In the olden days, when family life bore the Good Housekeeping Seal of Approval, Dad knew his place. He was wage earner, disciplinarian ("Wait till your father gets home!"), sports authority, the Norman Rockwell figure at the head of the dining table, and a mystery.
"When I was a little kid," wrote columnist Erma Bombeck, "a father was like the light in the refrigerator. Every house had one, but no one really knew what either of them did once the door was shut."
The American dad may still be some or all of the above. However, as a survey of magazines in the dentist's office suggests, today's dad may also be something of a post-feminist Adam fashioned from the rib of a post-feminist Eve. A whole new concept of fatherhood has emerged: Dad as nurturer and caretaker, Dad as--well, let's face it--Mom.
These shifting roles are touched on in three new books by three quite dissimilar American male writers.
Leo F. Buscaglia has devoted his life to proselytizing for family affection, show-and-tell style. He learned demonstrative love at the knee (and on the knee) of his father, a poor Italian immigrant whose foreign ways sometimes embarrassed Leo Buscaglia the child. Leo Buscaglia the man remembers, with teary-eyed gratitude, "Papa, My Father."
Buscaglia tells of Papa the patriot, studying about the Pilgrims ("Some nice-a people, who came, like me and Mama, to America on a boat . . . "); Papa the educator, who insisted that each child bring to the dinner table one newly learned fact to discuss; and, above all, Papa the hands-on father.
Hands-on sometimes meant corporal punishment. Nevertheless, as a passionately involved parent and constant dispenser of hugs and homilies, Papa came close to the modern nurturing dad extolled by Buscaglia in his introduction to "Papa, My Father."
Buscaglia writes with deliberate bumper-sticker simplicity; he wants his message loud and clear. Only the meanest cynic could fault it. For dads who enjoy their Father's Day cards adorned with heartfelt verses by disciples of Edgar Guest, consider "Papa, My Father."
For dads who prefer their pop (and pop) philosophy laced with humor, consider Bill Cosby's "Love and Marriage." This latest Cosby offering details his childhood crushes, adolescent embarrassments, disastrous dating, and salvation by Camille, his wife of 25 years.
In real life, as on his television show, Cosby has five children. Not surprisingly, his runaway best seller, "Fatherhood," did not exhaust his thoughts on that subject. In "Love and Marriage," Cosby the father inspires almost as many anecdotes as Cosby the hapless suitor or Cosby the happy husband.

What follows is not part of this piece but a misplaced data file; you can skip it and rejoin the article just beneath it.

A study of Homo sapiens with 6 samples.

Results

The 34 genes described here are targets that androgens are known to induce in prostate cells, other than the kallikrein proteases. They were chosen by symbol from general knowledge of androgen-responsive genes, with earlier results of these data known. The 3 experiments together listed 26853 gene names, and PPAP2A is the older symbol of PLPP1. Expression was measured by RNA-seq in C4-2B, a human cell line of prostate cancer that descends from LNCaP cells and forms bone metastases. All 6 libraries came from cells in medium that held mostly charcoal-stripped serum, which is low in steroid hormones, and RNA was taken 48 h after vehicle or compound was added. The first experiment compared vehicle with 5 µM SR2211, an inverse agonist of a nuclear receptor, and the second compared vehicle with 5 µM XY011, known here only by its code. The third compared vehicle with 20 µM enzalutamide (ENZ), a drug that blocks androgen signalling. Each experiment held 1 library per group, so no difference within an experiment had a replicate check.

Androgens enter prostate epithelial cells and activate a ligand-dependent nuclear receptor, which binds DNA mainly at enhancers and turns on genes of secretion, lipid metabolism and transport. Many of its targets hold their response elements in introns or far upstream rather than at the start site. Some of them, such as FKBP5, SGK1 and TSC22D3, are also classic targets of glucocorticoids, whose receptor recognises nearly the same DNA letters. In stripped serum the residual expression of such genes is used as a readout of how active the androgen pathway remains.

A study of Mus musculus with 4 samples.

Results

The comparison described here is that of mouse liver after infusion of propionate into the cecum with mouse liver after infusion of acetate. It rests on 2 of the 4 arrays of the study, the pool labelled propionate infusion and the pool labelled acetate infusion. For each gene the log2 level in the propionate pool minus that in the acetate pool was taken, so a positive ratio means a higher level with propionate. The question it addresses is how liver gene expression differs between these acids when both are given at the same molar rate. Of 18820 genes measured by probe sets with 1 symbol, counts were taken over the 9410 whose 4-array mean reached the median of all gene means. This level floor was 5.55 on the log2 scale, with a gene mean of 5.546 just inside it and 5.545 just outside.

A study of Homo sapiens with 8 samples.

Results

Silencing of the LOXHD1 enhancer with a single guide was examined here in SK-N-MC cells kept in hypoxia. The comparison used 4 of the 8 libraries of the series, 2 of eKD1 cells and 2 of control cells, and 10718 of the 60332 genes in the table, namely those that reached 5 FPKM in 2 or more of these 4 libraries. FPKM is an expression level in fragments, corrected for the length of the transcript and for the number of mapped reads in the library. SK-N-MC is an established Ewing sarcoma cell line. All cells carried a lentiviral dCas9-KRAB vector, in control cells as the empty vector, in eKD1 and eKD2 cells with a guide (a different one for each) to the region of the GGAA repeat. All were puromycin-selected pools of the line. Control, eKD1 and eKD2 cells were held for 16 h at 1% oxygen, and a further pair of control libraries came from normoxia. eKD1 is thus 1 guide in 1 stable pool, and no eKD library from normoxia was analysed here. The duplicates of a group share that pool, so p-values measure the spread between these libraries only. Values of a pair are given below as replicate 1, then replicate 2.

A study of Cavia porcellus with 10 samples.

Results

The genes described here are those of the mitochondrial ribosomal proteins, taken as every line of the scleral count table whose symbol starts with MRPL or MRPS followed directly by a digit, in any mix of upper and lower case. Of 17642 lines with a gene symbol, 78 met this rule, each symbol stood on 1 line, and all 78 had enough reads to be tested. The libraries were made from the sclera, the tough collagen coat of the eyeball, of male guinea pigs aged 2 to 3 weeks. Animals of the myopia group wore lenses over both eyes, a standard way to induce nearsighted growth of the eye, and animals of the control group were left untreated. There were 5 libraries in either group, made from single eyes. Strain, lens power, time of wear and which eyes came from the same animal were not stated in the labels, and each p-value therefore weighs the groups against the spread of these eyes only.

Cosby's TV fans will feel right at home with "Love and Marriage." His cozy verbal sparring matches with Camille read like gag-laden sitcom routines. His musings have the timing of stand-up comic monologues. His gift is to give a comforting droll validity to our shared everyday anxieties.
"You're not like me , are you?" Cosby yearns to ask each young man who enters the house to pick up a Cosby daughter. "If you are, then I know what you want and I hope you have the same terrible luck. I hope you find my daughter a cross between Artemis and Eleanor Roosevelt . . ." And he's off--on a vintage Cosby shtick, one of many, with which most fathers, old or new style, can identify.
While Buscaglia and Cosby purvey the feel-good easy read, M. R. Montgomery gives us, in "Saying Goodbye," a pain-filled "memoir of two fathers."
In the 1930s, Montgomery's father, a civil engineer, helped construct the Fort Peck Dam, a Public Works Administration project in his home state of Montana. As a naval officer in World War II, he helped build military bases in Scotland.
During that same war, Montgomery's future father-in-law, a Japanese-born Stanford-educated physician, was forced to relocate, give up his practice, and teach Japanese to U.S. Navy recruits. Montgomery, a Boston Globe journalist, looks back with affection at his late father-in-law, who became a beloved physician to the Japanese-American community in San Jose.
With his own uncommunicative and aloof father, Montgomery remained a stranger. After the death of Montgomery senior, the son "was moved to explore . . . to try to make some sense out of his life." The quest led him to government archives on two continents, and years of research in which he sifted through thousands of documents. He found little to illuminate his father's role in the building of the Fort Peck Dam or the Scottish naval bases, and even less to illuminate the man himself.
He did, however, unearth a wealth of peripheral information. Like a portrait artist whose subject proves totally elusive, he has substituted a vast landscape, full of foreground and background details, in which the original subject is reduced to a mere speck.